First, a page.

Ruth Maguire, Gillian Martin and Ash Denham's private messages were shared online
Image caption Ruth Maguire, Gillian Martin and Ash Denham’s private messages were shared online

Police have been called in to investigate how private messages between three SNP MSPs were leaked online.

A Twitter message exchange between the party’s Ash Denham, Gillian Martin and Ruth Maguire was posted online earlier this month.

They criticised First Minister Nicola Sturgeon for being “out of step” with her party over transgender rights.

Police Scotland confirmed they had received a complaint.

A spokesman said: “We are investigating alleged access of unauthorised material. Inquiries are ongoing.”

A Scottish Parliament spokesman said: “Parliamentary officials were asked to look into this matter.

“Officials quickly established that there had been no breach of the parliament’s IT security and the issue was related to the Twitter platform.

“Therefore, the parliament is unable to investigate further.”

Image copyright Getty Images
Image caption Ms Sturgeon says the transgender proposals should not be seen as a threat by women

An image posted on Twitter – but now deleted – showed private messages between Ruth Maguire, Ash Denham and Gillian Martin.

The three exchanged messages after Ms Sturgeon said in a speech that transgender rights were not “a threat to me as a woman”.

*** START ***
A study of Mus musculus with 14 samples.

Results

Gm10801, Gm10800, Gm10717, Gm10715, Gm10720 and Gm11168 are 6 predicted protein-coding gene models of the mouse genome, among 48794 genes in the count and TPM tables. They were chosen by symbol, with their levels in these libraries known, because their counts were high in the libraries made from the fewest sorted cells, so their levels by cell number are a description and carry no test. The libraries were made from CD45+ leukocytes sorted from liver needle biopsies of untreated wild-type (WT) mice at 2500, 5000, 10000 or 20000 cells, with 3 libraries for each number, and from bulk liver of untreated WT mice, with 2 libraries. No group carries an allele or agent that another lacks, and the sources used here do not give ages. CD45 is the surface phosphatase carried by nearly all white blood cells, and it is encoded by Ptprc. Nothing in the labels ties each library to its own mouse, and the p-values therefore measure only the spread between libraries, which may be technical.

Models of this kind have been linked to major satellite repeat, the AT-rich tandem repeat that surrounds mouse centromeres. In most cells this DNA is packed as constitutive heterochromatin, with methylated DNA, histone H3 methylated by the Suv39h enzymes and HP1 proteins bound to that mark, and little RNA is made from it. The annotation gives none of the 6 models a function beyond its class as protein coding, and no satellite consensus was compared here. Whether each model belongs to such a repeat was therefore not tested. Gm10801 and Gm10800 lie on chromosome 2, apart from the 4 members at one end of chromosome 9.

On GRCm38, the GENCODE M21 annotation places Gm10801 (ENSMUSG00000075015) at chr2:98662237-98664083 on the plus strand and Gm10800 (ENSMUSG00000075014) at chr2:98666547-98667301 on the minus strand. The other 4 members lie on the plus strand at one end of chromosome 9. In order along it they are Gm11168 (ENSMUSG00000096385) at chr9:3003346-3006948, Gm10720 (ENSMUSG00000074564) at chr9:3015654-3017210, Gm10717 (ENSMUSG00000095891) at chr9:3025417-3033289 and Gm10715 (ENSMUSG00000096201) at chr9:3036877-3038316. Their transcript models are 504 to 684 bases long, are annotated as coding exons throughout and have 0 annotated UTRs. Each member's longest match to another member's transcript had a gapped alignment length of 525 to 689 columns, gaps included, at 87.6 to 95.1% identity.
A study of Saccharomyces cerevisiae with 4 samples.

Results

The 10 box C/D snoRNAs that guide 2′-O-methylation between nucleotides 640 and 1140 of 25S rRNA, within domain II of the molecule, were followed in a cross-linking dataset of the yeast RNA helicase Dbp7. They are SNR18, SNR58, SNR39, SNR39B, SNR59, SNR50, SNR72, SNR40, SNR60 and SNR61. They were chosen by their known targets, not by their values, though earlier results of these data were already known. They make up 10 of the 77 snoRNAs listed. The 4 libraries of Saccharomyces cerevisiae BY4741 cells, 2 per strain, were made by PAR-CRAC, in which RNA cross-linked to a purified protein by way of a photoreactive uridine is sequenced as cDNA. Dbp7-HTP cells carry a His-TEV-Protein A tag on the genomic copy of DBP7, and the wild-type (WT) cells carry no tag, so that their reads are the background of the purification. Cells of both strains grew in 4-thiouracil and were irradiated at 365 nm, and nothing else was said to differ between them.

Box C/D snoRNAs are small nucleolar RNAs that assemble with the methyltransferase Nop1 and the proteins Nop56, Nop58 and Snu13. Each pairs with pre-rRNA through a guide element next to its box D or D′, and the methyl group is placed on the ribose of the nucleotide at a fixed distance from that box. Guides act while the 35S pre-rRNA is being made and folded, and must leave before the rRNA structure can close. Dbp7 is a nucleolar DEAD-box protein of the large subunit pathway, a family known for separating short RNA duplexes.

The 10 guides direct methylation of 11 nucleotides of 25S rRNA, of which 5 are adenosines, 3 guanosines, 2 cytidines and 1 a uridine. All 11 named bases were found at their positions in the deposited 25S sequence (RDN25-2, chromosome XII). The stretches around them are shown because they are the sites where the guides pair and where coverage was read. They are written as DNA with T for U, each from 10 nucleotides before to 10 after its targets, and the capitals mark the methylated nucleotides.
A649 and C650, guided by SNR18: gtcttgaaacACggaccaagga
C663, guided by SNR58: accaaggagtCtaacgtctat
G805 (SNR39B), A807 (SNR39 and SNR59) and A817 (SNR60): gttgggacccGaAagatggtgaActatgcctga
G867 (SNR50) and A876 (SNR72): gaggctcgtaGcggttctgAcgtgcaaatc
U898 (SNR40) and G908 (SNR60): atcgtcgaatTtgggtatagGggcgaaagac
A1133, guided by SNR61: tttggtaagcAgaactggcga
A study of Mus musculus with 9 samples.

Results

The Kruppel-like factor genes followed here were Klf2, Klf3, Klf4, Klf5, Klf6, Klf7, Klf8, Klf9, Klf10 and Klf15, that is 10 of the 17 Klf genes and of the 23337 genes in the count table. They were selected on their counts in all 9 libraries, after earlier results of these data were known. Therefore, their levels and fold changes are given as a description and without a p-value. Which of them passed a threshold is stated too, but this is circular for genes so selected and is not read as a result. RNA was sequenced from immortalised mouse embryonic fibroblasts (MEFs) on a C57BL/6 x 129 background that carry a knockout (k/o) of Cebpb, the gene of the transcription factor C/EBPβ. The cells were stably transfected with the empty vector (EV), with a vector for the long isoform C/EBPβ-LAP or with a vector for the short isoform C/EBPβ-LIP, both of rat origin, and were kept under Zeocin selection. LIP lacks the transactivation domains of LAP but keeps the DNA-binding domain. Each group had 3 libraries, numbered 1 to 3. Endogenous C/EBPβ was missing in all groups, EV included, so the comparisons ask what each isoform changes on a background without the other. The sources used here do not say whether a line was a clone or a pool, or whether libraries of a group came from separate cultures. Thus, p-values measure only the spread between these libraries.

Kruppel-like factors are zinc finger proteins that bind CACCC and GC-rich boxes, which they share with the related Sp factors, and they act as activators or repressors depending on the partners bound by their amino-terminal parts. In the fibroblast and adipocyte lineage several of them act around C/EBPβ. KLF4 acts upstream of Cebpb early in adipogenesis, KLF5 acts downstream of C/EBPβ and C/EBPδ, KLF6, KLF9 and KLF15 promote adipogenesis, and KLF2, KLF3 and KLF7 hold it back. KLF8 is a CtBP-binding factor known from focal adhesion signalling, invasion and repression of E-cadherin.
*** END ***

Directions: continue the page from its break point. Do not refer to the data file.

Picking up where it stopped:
Ms Denham and Ms Martin then appeared to suggest that Ms Sturgeon, the party’s leader, was “out of step” with the SNP group over the issue.

None of the three MSPs has commented on the leak.

The government wants to make it easier for trans people to change their legally recognised gender by allowing them to “self-identify”.

But concerns have been raised that this could damage the legal protections given to women under the Equality Act – including the right to single-sex spaces such as changing rooms, and women-only shortlists.

Earlier this week, 15 senior SNP politicians signed a letter urging the Scottish government not to “rush” into “changing the definition of male and female”. It was signed by three government ministers and several MSPs and MPs.

The letter said: “Conflating sex with gender identification affects a wide range of policy and service delivery, including data collection, education, health and social care, justice and sport. New information about this topic is emerging all the time and deserves to be properly scrutinised.

“Changing the definition of male and female is a matter of profound significance. It is not something we should rush.”

The letter also stressed that all of those who signed it are “committed to human rights, equality and dignity for all people” and calls for an end to “knee-jerk accusations of transphobia” against anyone who raises concerns about the proposals.